Scott has been on fire on a valedictory tour of his homeland over the last few weeks, winning both the Australian PGA and Masters, and helping his country to hoist the World Cup of Golf in Melbourne last weekend.
The 33-year-old showed no sign of slowing down as he started his fourth event at the Royal Sydney Golf Course on Thursday, grabbing birdies on his first six holes, parring the middle eight and then picking up four shots on his final four holes.
The first streak of birdies had the US Masters champion contemplating the possibility that he might be about to join an even more select group of golfers, those who have shot rounds of 59 in professional tournaments.
"I wasn't thinking about it hard but I knew it was a possibility. Having birdied the six holes I birdied, I felt like all the opportunities were still to come," he said.
"So if I kept it going, and I had a good run around the turn, I felt it was on for sure."
It was not to be, though, and from his seventh hole - the 16th - Scott felt his swing desert him and was soon battling his frustration at being unable to continue his charge.
"It was a beautiful day for golf, I came out hitting great shots and didn't have much work to do to clean them up in the first five holes and had a nice putt on my sixth hole and I was really rolling at that stage," he said.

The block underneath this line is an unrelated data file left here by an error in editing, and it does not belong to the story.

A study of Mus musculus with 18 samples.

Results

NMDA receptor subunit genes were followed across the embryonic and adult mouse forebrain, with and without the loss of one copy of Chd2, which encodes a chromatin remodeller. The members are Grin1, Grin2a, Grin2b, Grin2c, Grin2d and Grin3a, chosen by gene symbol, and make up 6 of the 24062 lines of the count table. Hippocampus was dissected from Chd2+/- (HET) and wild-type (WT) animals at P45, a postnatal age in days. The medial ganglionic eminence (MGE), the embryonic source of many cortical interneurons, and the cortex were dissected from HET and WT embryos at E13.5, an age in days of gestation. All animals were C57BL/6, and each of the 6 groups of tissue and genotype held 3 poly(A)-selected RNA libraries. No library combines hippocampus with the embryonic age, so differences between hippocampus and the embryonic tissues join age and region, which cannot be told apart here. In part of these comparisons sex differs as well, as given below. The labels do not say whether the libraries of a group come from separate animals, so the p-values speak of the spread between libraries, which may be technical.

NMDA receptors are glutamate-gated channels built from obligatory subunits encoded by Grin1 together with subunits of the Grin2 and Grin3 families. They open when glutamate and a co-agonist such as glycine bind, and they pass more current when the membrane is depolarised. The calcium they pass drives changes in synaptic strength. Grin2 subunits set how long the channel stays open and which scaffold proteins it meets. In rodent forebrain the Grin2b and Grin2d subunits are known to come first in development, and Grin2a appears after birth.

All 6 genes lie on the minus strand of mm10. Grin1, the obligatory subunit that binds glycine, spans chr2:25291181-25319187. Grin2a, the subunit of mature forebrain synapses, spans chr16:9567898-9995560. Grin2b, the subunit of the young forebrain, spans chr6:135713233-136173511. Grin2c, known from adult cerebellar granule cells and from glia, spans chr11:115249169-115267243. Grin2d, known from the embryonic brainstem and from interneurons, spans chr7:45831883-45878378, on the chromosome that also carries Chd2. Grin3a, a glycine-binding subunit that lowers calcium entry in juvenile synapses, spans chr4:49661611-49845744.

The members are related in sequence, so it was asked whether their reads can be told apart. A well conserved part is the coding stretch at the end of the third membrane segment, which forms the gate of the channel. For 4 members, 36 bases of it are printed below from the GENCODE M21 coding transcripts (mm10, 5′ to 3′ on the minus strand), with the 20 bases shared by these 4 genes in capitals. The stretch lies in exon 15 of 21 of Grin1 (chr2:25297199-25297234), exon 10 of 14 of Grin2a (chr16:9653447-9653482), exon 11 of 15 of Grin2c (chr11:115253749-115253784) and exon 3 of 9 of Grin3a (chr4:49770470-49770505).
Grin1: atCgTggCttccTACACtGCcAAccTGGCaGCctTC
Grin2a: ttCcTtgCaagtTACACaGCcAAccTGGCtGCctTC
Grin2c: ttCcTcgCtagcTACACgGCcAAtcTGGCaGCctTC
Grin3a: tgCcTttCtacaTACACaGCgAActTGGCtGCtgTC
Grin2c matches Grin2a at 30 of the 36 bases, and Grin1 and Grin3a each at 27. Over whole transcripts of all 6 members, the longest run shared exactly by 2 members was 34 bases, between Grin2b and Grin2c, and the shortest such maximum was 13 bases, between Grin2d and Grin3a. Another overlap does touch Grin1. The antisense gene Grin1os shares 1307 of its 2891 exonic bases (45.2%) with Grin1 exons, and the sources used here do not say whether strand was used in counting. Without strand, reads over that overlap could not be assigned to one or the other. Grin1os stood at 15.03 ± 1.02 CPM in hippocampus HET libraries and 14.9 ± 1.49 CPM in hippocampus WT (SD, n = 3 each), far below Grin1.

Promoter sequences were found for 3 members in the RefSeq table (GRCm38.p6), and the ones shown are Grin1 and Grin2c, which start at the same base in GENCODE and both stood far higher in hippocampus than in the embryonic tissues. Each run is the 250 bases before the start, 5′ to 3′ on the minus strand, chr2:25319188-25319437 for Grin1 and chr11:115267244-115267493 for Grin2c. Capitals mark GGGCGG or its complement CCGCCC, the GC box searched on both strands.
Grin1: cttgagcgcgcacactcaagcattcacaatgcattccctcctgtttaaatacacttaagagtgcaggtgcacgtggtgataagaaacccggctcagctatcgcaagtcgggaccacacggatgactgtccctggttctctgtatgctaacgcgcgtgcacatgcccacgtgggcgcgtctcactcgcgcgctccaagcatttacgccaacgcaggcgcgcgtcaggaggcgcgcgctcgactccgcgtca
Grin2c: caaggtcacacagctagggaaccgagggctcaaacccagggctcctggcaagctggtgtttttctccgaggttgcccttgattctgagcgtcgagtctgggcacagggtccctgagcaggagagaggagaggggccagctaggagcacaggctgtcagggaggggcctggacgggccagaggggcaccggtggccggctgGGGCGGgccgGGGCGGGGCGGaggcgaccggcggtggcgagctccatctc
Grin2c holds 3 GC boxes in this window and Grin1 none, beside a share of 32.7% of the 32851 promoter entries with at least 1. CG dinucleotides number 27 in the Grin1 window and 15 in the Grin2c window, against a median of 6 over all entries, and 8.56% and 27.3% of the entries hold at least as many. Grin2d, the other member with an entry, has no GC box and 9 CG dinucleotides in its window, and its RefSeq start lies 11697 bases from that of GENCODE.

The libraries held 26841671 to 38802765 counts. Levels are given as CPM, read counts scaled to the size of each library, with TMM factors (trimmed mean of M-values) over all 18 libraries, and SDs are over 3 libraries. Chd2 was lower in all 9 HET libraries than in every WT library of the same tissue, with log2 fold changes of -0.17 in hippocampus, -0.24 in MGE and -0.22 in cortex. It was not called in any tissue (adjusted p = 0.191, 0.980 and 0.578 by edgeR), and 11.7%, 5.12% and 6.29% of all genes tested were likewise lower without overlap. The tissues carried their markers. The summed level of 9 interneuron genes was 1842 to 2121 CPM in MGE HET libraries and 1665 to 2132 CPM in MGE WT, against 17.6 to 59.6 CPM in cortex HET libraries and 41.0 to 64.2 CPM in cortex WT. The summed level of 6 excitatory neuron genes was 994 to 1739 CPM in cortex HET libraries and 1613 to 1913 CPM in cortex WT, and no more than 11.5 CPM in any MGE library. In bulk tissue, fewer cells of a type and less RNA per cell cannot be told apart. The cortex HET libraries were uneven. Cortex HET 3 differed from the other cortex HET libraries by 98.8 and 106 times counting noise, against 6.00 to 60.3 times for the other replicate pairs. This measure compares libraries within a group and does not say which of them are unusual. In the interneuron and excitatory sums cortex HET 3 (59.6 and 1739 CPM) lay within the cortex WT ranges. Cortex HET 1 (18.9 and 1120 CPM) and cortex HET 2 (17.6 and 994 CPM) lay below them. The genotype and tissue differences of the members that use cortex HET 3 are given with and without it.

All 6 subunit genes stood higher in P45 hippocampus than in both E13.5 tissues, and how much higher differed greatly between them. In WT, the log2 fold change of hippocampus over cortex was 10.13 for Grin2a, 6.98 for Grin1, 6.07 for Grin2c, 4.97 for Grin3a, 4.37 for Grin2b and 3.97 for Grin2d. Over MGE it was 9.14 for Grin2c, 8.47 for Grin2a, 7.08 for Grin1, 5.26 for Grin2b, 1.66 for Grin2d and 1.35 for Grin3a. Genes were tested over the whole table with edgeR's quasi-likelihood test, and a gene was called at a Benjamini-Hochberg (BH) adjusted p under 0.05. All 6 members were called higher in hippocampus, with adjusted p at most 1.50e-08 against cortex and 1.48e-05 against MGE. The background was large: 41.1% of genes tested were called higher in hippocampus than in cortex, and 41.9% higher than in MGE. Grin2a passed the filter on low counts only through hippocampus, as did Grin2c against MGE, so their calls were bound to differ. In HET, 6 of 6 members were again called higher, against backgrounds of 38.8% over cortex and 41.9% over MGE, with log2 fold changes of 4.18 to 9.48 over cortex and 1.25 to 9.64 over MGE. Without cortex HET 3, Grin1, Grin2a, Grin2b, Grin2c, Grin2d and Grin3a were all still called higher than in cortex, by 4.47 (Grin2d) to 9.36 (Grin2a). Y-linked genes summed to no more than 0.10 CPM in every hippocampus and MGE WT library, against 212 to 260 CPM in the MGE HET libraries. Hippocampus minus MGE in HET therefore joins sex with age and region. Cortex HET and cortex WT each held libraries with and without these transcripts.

"But I think I've gone through a rollercoaster of emotion out there today from cruising after six holes to having to work pretty hard.
"Nothing much was going my way, I missed a green, felt like my swing was leaving me again, it's just amazing how in 18 holes you can do a 360 degrees of emotion and mood swings and everything."
Despite his success of the last few weeks, perfectionist Scott said he felt his swing had not been quite "in the slot" and revealed he had discussed his "sloppy" posture on the phone with his coach Brad Malone.
"It's a bit hard work for me at the moment," he said. "I still hit some great shots but a few average ones as well. But I got away with the bad ones today with some good saves."
It was all relative of course, and he continued to nail the four to five foot putts that punctuated his round before catching fire again at the sixth hole, his 15th.
Scott said the strong finish was essential to avoid wasting the opportunity his brilliant start had opened up, but part of him was still left contemplating how low he might have gone.
"I'm thinking about what today could have been, if I was really striking it and lost opportunities," he said.
Scott nevertheless said it had been one of the "best rounds" of his career, along with the round of 61 he hit to win the Qatar Masters in 2008 and a 62 he shot at the Memorial at Muirfield Village in 2007.
Thursday's round not only gave him a healthy early lead but also beat the course record of 65 held since the 2008 Australian Open by Stephen Dartnall, Matt Goggins, Ewan Porter, Chris Gaunt and Jason Norris.